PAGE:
The possession of things and substances that could endanger the public is prohibited under a number of laws that New York has passed in an effort to ensure public safety. Noxious material is one category of forbidden substances. According to New York Penal Code 270.05, you will be charged with unlawfully possessing or selling noxious material if you have noxious material on your person with the intent to use it to cause bodily harm or annoyance to another person, damage the property of another, or disturb the peace in the community.
The term “noxious material” refers to any container containing any medicine or other substance that can produce obnoxious, noxious, or suffocating fumes, gases, or vapors or that can immobilize a person. According to the law, if you are found in possession of noxious substance, the prosecution does not have to show that your intention was to do harm or irritate someone. An indication of such intent is presumed to exist in the presence of toxic material.
Unlawfully Possessing Or Selling Noxious Material Sentence
If found guilty of noxious material possession or sale, which is a class B misdemeanor, you might spend up to three months in jail and face a fine of up to $500. Additionally, the court can decide to sentence you to a year of probation rather than jail time.
The prosecutor must establish that the object you were accused of selling or unlawfully having actually was poisonous before you can be found guilty. Although the law does not name specific substances as noxious, it defines a noxious substance as one that can immobilize a person or produce irritating, noxious, or suffocating fumes, gases, or vapors. However, you would not have committed the crime of unlawfully possessing or selling noxious material if you could prove that the substance at issue in your situation does not meet the criteria of noxious. Additionally, if the substance is a self-defense spray, you would not have broken the law by selling or possessing it illegally.
A self-defense spray is defined by New York Penal Code 265.20 as a pocket-sized spray weapon with a material intended to cause momentary physical discomfort. Self-defense sprays include tear gas and pepper spray. However, if you illegally possess or sell toxic substances, you risk being charged with a crime. This includes selling self-defense spray.
New York Penal Code § 270.05: Unlawfully Possessing Or Selling Noxious Material
- In this section, the term “noxious material” refers to any container holding a drug or other substance that can produce offensive, harmful, suffocating fumes, gases, or vapors, or that can immobilize a person.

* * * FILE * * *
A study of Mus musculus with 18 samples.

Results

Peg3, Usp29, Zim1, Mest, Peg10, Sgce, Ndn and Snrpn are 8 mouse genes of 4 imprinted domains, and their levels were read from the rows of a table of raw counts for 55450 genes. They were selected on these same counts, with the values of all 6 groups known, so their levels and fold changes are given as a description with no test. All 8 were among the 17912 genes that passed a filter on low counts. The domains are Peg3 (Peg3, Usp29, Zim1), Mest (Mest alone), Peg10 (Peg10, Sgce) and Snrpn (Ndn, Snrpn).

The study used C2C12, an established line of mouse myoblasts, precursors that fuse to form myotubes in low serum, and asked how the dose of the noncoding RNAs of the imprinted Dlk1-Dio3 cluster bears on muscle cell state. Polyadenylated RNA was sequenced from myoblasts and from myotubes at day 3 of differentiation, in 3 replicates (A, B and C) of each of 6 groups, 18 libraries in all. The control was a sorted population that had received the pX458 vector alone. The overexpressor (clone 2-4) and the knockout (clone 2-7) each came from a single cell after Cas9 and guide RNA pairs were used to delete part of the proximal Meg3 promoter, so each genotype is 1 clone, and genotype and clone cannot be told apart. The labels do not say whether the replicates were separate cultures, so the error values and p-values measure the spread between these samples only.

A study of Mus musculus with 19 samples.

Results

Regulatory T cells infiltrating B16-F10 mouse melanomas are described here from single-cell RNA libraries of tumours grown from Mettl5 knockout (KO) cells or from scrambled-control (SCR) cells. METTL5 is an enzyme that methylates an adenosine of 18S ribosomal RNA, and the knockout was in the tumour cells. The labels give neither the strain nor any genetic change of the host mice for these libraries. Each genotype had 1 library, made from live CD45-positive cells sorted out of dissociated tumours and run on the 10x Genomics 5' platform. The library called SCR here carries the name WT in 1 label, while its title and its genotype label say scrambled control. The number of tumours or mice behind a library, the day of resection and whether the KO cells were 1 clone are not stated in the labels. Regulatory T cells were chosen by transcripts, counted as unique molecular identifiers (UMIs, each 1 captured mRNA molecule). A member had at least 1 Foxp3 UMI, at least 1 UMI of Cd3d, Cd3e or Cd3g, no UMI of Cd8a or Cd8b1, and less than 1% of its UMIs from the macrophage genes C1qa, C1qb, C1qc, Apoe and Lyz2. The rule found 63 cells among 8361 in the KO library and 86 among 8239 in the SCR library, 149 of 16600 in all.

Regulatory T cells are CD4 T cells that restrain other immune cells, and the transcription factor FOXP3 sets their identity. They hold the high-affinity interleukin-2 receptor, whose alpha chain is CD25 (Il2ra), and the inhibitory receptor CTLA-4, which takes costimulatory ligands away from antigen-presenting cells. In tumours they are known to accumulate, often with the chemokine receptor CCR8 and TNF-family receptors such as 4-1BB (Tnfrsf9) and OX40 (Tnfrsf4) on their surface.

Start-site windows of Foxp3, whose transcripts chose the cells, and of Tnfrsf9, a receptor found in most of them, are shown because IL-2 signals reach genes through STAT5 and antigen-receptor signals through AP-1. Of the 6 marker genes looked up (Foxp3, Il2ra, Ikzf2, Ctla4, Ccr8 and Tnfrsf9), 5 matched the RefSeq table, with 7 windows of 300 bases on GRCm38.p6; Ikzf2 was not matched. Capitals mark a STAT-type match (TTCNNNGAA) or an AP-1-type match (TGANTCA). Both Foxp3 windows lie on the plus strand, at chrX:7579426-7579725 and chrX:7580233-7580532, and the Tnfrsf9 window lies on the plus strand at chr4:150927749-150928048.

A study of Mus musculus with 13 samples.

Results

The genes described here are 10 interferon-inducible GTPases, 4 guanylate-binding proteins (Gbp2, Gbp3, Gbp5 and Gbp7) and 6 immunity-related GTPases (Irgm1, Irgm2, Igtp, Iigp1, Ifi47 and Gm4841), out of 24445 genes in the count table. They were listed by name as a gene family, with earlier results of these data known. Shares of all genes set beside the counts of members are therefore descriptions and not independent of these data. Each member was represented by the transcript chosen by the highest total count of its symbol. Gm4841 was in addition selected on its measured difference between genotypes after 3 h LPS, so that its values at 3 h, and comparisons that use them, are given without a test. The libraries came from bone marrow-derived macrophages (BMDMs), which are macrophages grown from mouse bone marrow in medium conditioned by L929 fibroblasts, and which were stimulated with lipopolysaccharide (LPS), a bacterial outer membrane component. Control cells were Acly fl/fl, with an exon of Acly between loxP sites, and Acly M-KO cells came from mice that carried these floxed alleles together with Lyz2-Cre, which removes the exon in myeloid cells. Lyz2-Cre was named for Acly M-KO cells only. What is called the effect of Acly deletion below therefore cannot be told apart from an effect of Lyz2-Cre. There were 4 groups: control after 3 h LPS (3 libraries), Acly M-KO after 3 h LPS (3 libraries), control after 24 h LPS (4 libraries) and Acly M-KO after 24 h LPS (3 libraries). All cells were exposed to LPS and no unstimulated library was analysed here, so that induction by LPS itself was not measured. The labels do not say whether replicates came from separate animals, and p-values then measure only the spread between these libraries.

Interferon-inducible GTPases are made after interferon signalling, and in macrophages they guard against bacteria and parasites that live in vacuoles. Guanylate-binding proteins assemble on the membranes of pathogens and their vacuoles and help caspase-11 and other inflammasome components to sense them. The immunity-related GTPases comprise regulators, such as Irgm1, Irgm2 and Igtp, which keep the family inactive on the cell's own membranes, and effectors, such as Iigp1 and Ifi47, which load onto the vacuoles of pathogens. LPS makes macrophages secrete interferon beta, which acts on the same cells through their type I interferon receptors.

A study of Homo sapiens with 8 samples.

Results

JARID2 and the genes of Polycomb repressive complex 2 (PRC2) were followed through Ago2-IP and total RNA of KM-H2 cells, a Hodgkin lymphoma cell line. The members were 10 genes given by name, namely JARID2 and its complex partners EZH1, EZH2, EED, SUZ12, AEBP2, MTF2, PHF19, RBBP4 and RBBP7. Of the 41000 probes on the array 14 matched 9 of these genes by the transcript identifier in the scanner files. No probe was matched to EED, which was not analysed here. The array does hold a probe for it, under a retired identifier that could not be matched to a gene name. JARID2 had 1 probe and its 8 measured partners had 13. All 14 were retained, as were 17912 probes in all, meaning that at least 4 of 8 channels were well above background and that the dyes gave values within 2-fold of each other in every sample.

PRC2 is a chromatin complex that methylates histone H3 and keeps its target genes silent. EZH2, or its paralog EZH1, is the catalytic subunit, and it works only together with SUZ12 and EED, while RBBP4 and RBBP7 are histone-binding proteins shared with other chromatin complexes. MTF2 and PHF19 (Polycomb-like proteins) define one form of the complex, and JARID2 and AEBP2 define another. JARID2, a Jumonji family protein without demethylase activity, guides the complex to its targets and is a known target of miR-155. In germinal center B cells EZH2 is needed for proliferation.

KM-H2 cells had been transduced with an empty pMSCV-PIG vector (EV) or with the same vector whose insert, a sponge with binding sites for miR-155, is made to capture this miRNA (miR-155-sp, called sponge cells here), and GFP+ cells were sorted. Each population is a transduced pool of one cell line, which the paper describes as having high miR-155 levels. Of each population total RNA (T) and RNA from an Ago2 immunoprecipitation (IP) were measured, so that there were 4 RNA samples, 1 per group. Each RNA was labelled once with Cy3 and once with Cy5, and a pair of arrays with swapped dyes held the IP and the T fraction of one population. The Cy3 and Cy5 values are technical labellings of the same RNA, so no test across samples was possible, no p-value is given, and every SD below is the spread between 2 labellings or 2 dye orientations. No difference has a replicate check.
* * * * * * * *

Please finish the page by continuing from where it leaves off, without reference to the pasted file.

- A person commits the offense of unlawfully possessing noxious material when they have such material with the intention to use it to cause physical harm to someone, annoy another person, damage someone else’s property, or disturb public peace.
- The possession of noxious material serves as presumptive evidence of intent to use it in violation of this section.
- Bank security devices are not prohibited under this section. Banks, national banking associations, trust companies, savings banks, savings and loan associations, industrial banks, or credit unions are allowed to store, possess, transport, use, or deploy bank security devices as described in subdivision one of § 270.00 of this chapter. Similarly, manufacturers, wholesalers, dealers, jobbers, or common carriers are not prohibited from manufacturing, storing, possessing, transporting, or selling such devices to the aforementioned financial institutions.
- Self-defense spray devices are also not prohibited, even though subdivisions two and three of this section contain restrictions. Individuals aged eighteen years or older are allowed to possess a self-defense spray device as defined in paragraph fourteen of subdivision a of § 265.20 of this chapter, as long as they comply with the provisions outlined therein.
- Unlawfully selling noxious material occurs when someone sells a self-defense spray device as defined in paragraph fourteen of subdivision a of § 265.20 of this chapter without authorization in accordance with the provisions of paragraph fifteen of subdivision a of § 265.20 of this chapter.
- Unlawfully dealing with fireworks and dangerous fireworks: New York Penal Code § 270.00
- Creating a hazard: New York Penal Code § 270.10
Hiring A New York Lawyer For Unlawfully Possessing Or Selling Noxious Material Case
Hiring a New York lawyer for an unlawfully possessing or selling noxious material case is crucial. These cases involve serious legal consequences and complex regulations. A skilled attorney with expertise in New York’s criminal law can provide invaluable guidance. They’ll assess the evidence, build a strong defense, and navigate the intricate legal landscape. Whether you’re facing charges for possession or sales, a competent attorney can protect your rights, challenge evidence, and explore potential mitigating factors. Their knowledge of New York’s specific laws and court procedures can be the difference between a favorable outcome and severe penalties, making legal representation indispensable in these cases.